The guy who wrote it basically followed your formula through the stinking rich part.

Google 'Joel Greenblatt.'
I had no idea book sales were that lucrative...

Numbers is hard

Although rare, it is possible to read something on this forum you don't agree with and simply move on with your life

Give me a museum and I'll fill it. (Picasso)
Give me a forum ...

It's basically a dual screen-one for return on invested capital, the other for inverted PE. You want a high ranking on each factor.


Give me a museum and I'll fill it. (Picasso)
Do you have a link to the magic formula - or is that a well kept secret ?
We add a dash of X, and a pinch of Z...

Originally Posted by freebird5825 View Post
If you bring candy to school, you gotta share.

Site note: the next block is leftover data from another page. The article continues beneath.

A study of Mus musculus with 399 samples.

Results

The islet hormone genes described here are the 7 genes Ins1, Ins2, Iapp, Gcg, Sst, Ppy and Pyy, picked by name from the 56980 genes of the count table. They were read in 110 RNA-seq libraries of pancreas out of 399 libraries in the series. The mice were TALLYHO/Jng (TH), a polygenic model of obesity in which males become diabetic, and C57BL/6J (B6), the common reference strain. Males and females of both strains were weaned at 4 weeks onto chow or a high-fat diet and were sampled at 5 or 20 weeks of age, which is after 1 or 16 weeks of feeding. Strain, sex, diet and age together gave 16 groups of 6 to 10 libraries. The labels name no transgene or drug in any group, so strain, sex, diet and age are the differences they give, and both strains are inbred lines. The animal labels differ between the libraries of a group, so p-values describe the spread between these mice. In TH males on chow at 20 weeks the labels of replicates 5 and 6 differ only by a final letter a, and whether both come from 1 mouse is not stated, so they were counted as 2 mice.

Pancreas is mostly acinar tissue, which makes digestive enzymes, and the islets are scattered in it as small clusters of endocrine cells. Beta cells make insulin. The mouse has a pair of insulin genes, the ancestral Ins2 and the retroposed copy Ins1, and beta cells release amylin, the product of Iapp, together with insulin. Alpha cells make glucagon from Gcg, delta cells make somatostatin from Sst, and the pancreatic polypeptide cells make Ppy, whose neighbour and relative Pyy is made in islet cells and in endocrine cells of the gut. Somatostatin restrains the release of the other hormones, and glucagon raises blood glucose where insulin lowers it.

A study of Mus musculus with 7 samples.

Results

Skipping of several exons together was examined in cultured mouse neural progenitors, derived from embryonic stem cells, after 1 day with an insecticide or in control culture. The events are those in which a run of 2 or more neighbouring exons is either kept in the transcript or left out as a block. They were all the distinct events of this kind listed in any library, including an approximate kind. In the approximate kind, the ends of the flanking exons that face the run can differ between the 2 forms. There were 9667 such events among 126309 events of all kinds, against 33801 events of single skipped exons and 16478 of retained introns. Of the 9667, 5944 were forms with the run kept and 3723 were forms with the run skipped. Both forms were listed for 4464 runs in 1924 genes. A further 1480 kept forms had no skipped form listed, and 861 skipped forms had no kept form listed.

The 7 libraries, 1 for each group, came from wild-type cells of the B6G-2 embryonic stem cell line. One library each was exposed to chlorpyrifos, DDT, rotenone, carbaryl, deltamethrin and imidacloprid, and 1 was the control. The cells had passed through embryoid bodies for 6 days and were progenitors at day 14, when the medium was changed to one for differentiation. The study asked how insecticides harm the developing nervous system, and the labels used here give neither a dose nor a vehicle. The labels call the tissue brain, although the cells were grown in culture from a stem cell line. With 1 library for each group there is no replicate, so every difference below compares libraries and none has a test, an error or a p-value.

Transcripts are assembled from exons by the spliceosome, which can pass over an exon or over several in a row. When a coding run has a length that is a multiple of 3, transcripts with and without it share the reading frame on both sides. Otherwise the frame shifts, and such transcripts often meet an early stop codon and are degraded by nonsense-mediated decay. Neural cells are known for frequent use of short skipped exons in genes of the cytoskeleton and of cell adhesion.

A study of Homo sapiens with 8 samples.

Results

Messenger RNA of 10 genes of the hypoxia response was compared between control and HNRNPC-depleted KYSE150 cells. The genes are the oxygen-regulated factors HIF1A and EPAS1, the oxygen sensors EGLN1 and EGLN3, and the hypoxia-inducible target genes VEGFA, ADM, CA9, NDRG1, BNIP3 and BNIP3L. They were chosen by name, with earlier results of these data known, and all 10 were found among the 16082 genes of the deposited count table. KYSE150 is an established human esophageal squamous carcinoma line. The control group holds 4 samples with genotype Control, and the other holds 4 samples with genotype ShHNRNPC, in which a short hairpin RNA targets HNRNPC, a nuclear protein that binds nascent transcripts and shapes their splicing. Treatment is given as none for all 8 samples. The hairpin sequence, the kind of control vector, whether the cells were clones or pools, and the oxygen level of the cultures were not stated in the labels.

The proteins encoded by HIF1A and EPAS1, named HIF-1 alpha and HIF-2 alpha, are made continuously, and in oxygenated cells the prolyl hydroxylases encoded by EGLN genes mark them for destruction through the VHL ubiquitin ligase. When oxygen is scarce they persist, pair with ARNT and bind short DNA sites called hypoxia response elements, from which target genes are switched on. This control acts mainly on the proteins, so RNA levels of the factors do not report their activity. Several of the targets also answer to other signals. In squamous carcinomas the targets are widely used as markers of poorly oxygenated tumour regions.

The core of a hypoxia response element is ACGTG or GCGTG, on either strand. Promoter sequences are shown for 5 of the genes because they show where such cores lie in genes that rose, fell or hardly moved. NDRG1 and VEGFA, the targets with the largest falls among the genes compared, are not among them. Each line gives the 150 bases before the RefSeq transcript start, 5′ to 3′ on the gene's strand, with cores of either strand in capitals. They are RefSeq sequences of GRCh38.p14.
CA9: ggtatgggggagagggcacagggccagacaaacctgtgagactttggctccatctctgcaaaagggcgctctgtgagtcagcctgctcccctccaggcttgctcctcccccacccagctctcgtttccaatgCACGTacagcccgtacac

Want some candy, little girl?
Have Funds, Will Retire

...not doing anything of true substance...

That said, I'm interested in using Joel Greenblatt's magic formula to pick small cap value stocks. The formula will pick companies that are earning well and are cheap. I would only use it in lieu of 10 to 20% of our portfolio. 10% of our port is in US small caps and another 10% in non-US small caps.

This is what I'm thinking. Start with say 10% of port in either VB or SCHA. Run the MF screen one a week for 30 stocks with some market cap parameter -- say 150M. Then check every single one for the MF's cap rating. Only buy the stocks with a CAPS rating of 5. Every stock you pick would eat up 1/20th of the 10% allotment so a full port would have 20 stocks.

You would sell the stock when its CAPS rating goes to 3.

The main problem with the magic formula is that there are too many transactions. If one could figure out a way to cut down drastically on those transactions, then the strategy is very viable.